Protests Greet North Korean Delegation To Olympics

A North Korean delegation led by a controversial general has crossed into South Korea for the Winter Olympics closing ceremony in Pyeongchang.

Gen Kim Yong-chol is blamed for the torpedoing of a South Korean warship in 2010, with the loss of 46 seamen. Pyongyang denies any involvement.

Families of the victims and South Korean conservative MPs held a protest, trying to block his trip at the border.

The sports diplomacy comes at a time of improved ties between the two Koreas.

At the Winter Olympics, both North and South Korea marched under one flag at the opening ceremony, and later fielded a unified women’s ice hockey team.

However, experts have cautioned that the latest developments do not put an end to underlying regional tensions, particularly following last year’s nuclear and missile tests carried out by the North.

The US delegation at the Olympics – which includes President Donald Trump’s daughter Ivanka – has ruled out meeting the North Korean officials.

On Friday, Washington announced a set of fresh sanctions against the North.

The Korean peninsula has been divided since the 1950-53 war and the two sides have never signed a peace treaty.

The 72-year-old is a former military intelligence chief. He is leading the eight-member North Korean delegation to the Olympic closing ceremony later on Sunday.

During his time in office, Gen Kim was accused of orchestrating attacks on the Cheonan warship and Yeonpyeong Island in 2010.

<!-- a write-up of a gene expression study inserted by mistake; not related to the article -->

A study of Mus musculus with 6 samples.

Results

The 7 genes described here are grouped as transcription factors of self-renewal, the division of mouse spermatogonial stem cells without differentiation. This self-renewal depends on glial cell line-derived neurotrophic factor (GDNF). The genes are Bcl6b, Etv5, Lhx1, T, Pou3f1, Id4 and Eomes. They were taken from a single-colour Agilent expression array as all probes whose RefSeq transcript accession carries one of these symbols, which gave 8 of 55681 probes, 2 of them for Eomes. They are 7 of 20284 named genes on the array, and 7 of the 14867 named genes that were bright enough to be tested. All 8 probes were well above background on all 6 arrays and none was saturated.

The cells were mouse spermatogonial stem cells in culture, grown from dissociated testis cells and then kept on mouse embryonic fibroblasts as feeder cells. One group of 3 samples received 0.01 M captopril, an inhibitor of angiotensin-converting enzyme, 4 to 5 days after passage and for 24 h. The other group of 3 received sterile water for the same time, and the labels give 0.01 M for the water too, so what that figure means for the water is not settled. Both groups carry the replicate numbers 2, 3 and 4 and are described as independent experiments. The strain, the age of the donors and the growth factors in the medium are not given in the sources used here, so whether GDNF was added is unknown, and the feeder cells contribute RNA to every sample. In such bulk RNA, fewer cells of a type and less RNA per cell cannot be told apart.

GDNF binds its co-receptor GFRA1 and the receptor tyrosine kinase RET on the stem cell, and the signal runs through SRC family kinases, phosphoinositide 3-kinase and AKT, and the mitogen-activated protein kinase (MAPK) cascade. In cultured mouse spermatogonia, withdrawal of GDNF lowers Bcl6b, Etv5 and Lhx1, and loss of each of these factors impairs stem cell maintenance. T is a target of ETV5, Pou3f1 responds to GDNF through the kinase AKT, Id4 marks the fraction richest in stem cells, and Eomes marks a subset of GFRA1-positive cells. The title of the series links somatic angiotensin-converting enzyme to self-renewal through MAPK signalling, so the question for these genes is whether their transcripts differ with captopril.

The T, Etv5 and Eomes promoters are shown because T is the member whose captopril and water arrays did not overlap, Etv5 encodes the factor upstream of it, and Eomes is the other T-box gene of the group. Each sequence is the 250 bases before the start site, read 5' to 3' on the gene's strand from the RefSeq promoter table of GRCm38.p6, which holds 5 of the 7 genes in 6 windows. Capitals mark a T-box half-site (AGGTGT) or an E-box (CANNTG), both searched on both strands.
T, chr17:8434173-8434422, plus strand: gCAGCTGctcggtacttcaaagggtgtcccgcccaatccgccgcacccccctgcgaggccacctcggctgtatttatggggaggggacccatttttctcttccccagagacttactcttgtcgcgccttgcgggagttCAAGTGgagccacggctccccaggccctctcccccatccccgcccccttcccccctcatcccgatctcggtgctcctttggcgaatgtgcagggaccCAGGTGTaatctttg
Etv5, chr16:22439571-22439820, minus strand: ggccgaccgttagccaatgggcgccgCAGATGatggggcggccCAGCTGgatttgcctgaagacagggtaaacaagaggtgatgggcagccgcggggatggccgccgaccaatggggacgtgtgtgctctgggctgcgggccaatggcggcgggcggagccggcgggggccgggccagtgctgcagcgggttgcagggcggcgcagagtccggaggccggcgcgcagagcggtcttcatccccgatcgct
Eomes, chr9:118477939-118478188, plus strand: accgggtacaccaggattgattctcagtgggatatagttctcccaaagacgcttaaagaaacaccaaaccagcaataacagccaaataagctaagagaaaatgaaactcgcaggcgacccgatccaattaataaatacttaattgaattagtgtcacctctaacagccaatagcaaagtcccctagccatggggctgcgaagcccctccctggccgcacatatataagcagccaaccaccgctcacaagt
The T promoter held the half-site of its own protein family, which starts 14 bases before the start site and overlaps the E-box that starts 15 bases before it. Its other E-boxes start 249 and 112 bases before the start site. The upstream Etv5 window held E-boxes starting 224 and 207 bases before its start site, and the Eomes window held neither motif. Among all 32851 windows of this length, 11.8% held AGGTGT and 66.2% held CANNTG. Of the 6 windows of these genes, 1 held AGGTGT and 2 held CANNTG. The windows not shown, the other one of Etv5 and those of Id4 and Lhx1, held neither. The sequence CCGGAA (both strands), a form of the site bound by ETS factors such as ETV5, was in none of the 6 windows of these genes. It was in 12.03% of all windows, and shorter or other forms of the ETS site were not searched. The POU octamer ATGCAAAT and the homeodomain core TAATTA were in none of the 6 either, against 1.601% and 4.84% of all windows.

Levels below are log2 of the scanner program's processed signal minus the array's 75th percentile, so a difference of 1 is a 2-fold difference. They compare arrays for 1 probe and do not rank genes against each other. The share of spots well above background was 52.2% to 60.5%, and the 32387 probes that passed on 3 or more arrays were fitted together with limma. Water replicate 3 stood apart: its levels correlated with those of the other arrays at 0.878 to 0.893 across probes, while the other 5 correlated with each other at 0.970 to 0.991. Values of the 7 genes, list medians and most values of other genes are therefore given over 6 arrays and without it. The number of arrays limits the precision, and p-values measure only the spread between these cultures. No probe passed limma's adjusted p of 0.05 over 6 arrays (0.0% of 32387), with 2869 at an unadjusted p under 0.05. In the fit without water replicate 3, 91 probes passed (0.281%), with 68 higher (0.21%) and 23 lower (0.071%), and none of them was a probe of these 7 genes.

He was also linked to a cyber-attack on Sony Pictures in 2014 in a bid to block the release of The Interview, a comedy film based on the North Korean regime.

Gen Kim rose to prominence as Pyongyang’s chief military negotiator during inter-Korean talks, between 2006 and 2008.

He later served as the director of the General Reconnaissance Bureau, tasked with cyber-warfare and gathering foreign intelligence, from 2009 to 2016.

In 2016, he took charge of the United Front Department, the civilian intelligence agency which supposedly operates pro-North Korean groups in South Korea and handles inter-Korean affairs.

Yes. Washington imposed sanctions on Gen Kim in 2010 and 2015, and Seoul did the same in 2016.

However, South Korea’s Unification Minister Cho Myoung-gyon has clarified that there are no restrictions on his travel to the Olympics.

Despite conservative protests, the South Korean government has welcomed his visit, and South Korean President Moon Jae-in is expected to meet the delegation.